Priory expert says increasing numbers have turned to alcohol and drugs post Covid – with ‘remote working’ fuelling covert addiction at home

  • Priory consultant psychiatrist says number of people addicted to alcohol and cocaine is spiralling
  • Expert highlights post-pandemic stress – particularly heavy workloads, lack of social interaction, financial stress and strained family relationships often caused by working from home
  • Warns that cocaine use is now at “epidemic” levels, with ketamine use rising fast
  • Priory has seen a 58% increase in inquiries about cocaine addiction in 12 months, and an 88% increase in inquiries about ketamine

One of the UK’s leading addiction experts says addiction has gone ‘through the roof’ as a result of people ‘self-medicating’ with alcohol and drugs.

Consultant psychiatrist Dr Niall Campbell, of Priory’s Roehampton Hospital, says working from home has given people the opportunity to try and hide their addictions – because there are fewer checks on their behaviours.

“They often think their partners or children don’t know, but of course they do,” he says.

Priory has seen a 40% increase in inquiries about private addiction treatment over the past year, with a 58% increase in inquiries specifically about cocaine addiction, and an 88% rise in enquiries about ketamine, a psychologically addictive hallucinogen which is relatively cheap and common at clubs, festivals and parties.

“Without the need to go into the office, or attend meetings in person, people prone to addiction find more opportunities to continue them,” Dr Campbell says. “And for younger adults in particular, being cut off from an office, and maybe still living with parents, there is an enormous emotional strain – and we are seeing more depression and anxiety in the 20+ age group, which in many cases leads to unhealthy and addictive behaviours.”

He says addicts develop many ways to try and hide their addiction – from keeping bottles of alcohol in the car boot, to taking cocaine outdoors.

“It has not been easy for people to suddenly spend a lot of time at home, and the effect on personal relationships has been acute. Zoom and Teams are no substitute for face to face contact. It has definitely been easier for those with young families to work more flexibly, but this too has brought an element of strain. Being in close vicinity with family many hours a day, especially in a small house with limited outdoor space, is a big adjustment and many people don’t have homes that easily convert into workspaces.”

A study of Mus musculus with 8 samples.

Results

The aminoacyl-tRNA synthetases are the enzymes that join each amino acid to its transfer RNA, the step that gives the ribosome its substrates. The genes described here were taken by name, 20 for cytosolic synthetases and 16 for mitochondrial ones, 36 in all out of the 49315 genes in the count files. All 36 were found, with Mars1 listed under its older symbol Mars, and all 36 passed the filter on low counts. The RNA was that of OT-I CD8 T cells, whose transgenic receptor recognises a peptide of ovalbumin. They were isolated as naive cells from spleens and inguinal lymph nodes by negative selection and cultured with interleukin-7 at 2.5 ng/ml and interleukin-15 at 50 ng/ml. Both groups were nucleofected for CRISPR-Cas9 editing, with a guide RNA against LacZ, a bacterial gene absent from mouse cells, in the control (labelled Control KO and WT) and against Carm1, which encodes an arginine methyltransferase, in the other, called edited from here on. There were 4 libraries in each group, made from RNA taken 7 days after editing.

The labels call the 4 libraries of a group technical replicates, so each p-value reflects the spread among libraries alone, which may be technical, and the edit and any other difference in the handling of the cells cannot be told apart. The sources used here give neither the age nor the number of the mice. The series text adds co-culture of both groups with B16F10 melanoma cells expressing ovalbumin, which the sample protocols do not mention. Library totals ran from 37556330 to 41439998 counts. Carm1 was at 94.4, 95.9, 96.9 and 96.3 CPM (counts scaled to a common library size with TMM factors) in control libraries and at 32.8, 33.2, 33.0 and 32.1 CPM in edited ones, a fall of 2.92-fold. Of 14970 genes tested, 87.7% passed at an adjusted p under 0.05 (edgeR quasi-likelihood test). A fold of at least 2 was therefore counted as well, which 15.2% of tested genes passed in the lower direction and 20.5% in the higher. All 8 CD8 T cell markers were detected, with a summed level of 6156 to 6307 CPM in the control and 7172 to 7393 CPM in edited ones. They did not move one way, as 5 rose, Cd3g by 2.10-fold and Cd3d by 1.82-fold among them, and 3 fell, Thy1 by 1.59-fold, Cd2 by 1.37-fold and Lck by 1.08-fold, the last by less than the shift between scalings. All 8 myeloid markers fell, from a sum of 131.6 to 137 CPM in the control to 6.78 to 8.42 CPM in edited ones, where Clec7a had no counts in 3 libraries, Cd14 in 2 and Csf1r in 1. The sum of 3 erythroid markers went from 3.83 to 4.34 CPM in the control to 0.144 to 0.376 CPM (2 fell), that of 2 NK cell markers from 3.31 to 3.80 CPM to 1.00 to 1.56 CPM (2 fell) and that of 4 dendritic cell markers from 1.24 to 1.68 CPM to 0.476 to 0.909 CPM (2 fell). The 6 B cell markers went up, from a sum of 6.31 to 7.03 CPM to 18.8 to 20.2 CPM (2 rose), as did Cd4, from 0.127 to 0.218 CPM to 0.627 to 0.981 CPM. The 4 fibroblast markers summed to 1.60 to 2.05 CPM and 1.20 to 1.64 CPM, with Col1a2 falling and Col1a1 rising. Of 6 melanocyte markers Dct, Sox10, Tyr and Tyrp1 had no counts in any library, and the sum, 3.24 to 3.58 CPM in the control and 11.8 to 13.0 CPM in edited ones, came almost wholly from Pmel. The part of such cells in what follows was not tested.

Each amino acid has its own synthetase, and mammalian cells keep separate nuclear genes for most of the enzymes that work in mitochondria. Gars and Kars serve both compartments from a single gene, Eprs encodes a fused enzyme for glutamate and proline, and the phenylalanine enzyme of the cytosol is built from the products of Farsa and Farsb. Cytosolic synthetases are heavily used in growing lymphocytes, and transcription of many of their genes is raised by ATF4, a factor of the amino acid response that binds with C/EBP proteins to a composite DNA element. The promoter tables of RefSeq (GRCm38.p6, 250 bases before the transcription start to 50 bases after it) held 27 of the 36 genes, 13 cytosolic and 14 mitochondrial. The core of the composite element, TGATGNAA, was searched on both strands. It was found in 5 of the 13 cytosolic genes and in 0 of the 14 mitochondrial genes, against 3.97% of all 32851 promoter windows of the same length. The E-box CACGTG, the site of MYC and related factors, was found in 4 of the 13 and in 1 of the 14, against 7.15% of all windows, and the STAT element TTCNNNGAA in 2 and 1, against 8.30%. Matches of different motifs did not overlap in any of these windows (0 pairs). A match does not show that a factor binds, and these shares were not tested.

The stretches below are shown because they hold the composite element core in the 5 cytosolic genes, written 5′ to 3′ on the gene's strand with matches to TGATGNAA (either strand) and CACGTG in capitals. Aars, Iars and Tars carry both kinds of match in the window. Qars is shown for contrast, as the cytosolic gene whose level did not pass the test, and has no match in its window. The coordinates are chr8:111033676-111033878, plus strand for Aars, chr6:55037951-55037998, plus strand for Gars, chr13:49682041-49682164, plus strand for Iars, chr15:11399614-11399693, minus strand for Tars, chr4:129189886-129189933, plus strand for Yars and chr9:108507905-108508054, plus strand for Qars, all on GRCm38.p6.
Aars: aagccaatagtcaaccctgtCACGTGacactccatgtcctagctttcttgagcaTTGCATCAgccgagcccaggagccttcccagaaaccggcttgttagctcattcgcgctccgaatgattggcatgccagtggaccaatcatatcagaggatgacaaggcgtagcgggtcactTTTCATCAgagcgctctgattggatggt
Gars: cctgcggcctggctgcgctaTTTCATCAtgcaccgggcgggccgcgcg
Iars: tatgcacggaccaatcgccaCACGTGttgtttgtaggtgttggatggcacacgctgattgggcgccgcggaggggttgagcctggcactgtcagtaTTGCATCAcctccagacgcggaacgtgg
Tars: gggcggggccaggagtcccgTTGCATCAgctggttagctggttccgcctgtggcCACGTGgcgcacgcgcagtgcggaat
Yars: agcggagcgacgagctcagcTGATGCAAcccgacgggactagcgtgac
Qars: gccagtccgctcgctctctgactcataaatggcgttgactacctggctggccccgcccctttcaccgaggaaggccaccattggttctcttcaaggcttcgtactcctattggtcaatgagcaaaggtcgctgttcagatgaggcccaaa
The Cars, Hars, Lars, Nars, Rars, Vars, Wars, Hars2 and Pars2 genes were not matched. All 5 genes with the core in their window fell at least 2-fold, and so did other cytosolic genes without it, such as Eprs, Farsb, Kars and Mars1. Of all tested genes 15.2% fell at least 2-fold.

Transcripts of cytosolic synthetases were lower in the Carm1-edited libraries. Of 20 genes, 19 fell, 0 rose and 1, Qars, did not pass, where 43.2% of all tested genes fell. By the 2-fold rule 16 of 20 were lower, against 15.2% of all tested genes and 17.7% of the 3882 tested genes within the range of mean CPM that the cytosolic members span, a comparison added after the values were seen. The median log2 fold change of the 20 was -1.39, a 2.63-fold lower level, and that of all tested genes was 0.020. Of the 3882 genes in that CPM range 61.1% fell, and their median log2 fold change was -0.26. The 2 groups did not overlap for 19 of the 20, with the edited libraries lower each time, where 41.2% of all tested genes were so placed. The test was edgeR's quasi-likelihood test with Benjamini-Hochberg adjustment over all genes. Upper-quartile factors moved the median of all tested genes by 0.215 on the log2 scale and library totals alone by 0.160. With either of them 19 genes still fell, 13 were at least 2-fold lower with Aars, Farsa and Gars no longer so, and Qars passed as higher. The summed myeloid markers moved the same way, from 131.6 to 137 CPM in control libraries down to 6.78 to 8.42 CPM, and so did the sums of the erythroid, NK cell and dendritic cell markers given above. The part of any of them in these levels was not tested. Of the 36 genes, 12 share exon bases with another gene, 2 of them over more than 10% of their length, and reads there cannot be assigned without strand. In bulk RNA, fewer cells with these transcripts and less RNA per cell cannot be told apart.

Referring to a “cocaine epidemic” in the UK, he adds: “’Recreational drugs’ is a euphemism. Cocaine is extremely addictive and toxic and the effects are unpredictable, especially on the heart. You ask any A&E doctor in this country about the number of young people, particularly young men, who come in with cardiac arrhythmias – cocaine speeds up your heart and is like putting a supercharger on a Mini engine, and not all hearts can stand that. If it’s an arrhythmia like that – then you are looking at your lights going out, so to speak. It can be fatal. For others, if you keep doing it, it is going to kill you. It is a very bad instant anti-depressant. Your difficulties go out of the window, but the come-downs - the depression, paranoia, suicidal feelings, irritability - never mind the physical effects, are all over society. Ketamine is also on the rise, and the psychological effects as well as the long-term physical effects, including effects on the bladder - are bad.

“But there is help out there and we also see lives turned around. Whenever people get to the Priory, the wheels have come off and the party is over but they are still minimising their usage. So we always ask for a ‘collateral’ letter – from the wife, husband, partner, and/or children – which tells us how the patient’s drug use has affected them. They tell the truth – and will say things like ‘do you remember when you wrecked the place on cocaine, drove the car, spent £1,800 in one night on cocaine, hit me and shouted at everyone’. Cocaine has a devastating effect on all aspects of people’s lives.”